By John Rocha, Sr.
We have heard, probably on more than one occasion, “Boys will be boys,” whether it is not doing their homework, showing up at the end of a school day at carpool covered in mud or dirt, or even covered with literal and figurative bruises after a verbal or physical skirmish. I propose that this phrase makes a caricature of boys rather than shedding light or detail on what goes on in a boy’s life or mind. Grown men may not speak aloud, but my thoughts are that Pinocchio, a fairy tale, can be viewed as a day in the life of a ten-year-old boy. My reflections are not based on the animated Pinocchio created by Walt Disney. There is a distinct difference between Walt Disney’s animation, with which we are all familiar, and Carlo Collodi’s original tale of the puppet.
Looking at Chapter XXVII and the beginning of the next for evidence of this proposition, the readers see a series of interactions that would happen to any boy and when asked how was his day…he would quietly respond, “alright” or “no big deal.” Reading Pinocchio may scare or worry a few moms, but in reality it is a window of hope, that not all that is said to a boy is ignored by him, but rather words, lessons, advice and most of all actions do come back to him at the time least expected.
Chapter XXVII begins as Pinocchio is a point of ridicule for a group of boys, and he stands firm in asking why? The group of rascals state because they wanted Pinocchio to miss class and be shamed for being punctual and diligent in his lessons and ultimately not study in a hard way. Such peer pressure is common today as it is illustrated in the story; using his book knowledge and that which he learned at home, Pinocchio uses a simile to describe the seven rascals, as they are “like” the seven deadly sins. The rascals take it as an insult and they come to “fist of cuffs.” Pinocchio is quick witted as his description is correct as the seven rascals are his temptation toward sin. The fight ensues with seven boys vs. one wooden puppet. The boys do not have a chance as with each punch or kick they give Pinocchio their hands or feet become bruised by the hard wood. Since the hands of the boys are not harming Pinocchio, they begin to throw anything they might have at him, especially school books. Instead of landing a Treatise of Arithmetic on Pinocchio, the book hits the temple of one the ruffians, and as he “turns white as a sheet” he yells aloud, “Oh, mother! help, I am dying!” Upon falling on the ground, the rascals believe he may be dead, so off they run leaving him laying on the ground.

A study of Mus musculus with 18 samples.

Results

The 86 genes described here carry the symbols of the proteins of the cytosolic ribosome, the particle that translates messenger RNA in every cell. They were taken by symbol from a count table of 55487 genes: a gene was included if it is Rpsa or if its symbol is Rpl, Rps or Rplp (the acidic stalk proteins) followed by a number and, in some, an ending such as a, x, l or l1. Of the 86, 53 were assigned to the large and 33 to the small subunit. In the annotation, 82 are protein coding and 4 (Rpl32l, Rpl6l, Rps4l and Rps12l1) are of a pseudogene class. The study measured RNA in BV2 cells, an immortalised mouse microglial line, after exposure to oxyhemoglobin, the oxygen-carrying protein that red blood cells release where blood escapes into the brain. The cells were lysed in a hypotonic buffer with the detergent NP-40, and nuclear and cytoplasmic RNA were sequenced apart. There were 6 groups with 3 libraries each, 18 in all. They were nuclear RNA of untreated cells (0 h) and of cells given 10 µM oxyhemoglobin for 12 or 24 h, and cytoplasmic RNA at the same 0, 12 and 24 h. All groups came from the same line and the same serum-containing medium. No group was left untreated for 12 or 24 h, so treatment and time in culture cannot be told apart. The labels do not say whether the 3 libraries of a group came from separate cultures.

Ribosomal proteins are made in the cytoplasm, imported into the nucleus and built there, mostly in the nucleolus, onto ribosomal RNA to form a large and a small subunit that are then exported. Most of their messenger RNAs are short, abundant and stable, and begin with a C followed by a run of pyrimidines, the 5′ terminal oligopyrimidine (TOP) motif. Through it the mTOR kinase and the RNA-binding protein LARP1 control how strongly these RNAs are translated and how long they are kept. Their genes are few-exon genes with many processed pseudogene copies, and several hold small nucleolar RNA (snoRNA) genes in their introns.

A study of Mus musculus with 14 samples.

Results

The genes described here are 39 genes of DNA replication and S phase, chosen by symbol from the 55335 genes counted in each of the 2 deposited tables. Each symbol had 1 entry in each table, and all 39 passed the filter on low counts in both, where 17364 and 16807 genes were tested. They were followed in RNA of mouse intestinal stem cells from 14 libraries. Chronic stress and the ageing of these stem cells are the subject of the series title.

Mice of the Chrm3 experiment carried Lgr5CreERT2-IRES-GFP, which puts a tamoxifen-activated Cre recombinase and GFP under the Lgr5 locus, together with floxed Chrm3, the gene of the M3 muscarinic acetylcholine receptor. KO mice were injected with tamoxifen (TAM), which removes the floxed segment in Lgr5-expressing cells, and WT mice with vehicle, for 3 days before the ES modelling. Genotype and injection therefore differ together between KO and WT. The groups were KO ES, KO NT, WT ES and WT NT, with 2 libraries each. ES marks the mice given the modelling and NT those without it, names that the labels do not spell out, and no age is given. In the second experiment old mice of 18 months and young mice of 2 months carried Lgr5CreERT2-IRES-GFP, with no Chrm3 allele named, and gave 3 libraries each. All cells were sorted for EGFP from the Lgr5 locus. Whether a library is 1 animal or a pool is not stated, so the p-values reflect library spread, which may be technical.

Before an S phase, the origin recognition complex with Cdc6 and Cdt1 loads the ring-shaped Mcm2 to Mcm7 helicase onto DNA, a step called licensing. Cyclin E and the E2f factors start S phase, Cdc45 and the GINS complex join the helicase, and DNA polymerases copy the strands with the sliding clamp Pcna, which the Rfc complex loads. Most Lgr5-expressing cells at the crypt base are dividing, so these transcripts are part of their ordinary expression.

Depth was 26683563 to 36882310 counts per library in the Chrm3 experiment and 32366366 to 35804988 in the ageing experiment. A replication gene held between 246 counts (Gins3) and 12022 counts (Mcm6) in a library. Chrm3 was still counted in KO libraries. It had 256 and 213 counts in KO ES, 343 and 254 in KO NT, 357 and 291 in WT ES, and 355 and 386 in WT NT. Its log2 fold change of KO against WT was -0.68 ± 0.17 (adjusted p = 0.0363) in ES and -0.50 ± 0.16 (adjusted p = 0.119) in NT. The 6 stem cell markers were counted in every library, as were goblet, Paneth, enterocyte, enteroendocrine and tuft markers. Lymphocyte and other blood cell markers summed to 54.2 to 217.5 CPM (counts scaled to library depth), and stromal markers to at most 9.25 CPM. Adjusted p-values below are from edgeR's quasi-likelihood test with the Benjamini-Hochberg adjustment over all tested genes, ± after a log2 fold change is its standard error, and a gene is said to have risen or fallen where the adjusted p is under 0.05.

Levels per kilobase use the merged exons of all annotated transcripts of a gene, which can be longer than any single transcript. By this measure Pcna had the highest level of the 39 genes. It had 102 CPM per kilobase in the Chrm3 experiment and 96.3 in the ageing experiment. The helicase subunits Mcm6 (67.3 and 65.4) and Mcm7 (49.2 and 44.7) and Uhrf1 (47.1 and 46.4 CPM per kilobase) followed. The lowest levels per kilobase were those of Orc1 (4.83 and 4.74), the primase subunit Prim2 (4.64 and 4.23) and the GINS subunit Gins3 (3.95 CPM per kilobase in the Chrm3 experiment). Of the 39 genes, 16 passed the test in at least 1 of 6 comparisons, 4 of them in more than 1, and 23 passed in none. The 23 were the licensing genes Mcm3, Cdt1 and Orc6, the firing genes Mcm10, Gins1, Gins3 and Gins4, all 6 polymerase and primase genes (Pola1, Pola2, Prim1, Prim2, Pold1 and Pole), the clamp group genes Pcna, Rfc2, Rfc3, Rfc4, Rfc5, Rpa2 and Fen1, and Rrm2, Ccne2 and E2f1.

Pinocchio who never wanted this to happen, sits sobbing beside the fallen boy, Eugene. Two soldiers approach Pinocchio finding out what happened and tending to the fallen boy. Pinocchio denies any wrongdoing, but as it becomes clear it is a book belonging to the puppet, the evidence points to him as the perpetrator. When the soldiers see the local fishermen treat the boy, they escort Pinocchio to the village jail. As they are walking, the wind blows off the hat of the puppet, and he asks if he can retrieve it. As he walks a few paces away, he scoops it up and runs off to the seashore.
This chapter strikes me as a day in the life of a ten-year-old boy, perhaps because it brings back memories, or the day to day interaction I have with boys? I am in no way trying to scandalize moms, but a boy’s life is full of adventure, mostly caused by the decisions he chooses. There are plenty of rascals in world; whether yours or my son falls into the group of rascals or chooses to stand firm, know the decisions he chooses will not always be the right one, or easy, even if his intent is toward the good. Life is an adventure, whether it involves name calling, or a boy’s own school books being thrown at him. Boys listen to those whom they love and they admire…advice and lessons are integral to their day to day decisions; it is learning from such moments that boys build their knowledge of or toward the good. Boys will see the good in our actions, but their prudence will grow as they implement right choices. Geppetto tells Pinocchio that their house has changed at the end of the story because of him, “Because when boys who have behaved badly turns over a new leaf and becomes good, they have the power of bringing contentment and happiness to their families.” Pinocchio is a story of seed planting and with the right and continuous nourishment prudence sprouts. Are we planting the seeds of virtue in the hearts and minds of our children, so that over their lifetime, prudence will sprout?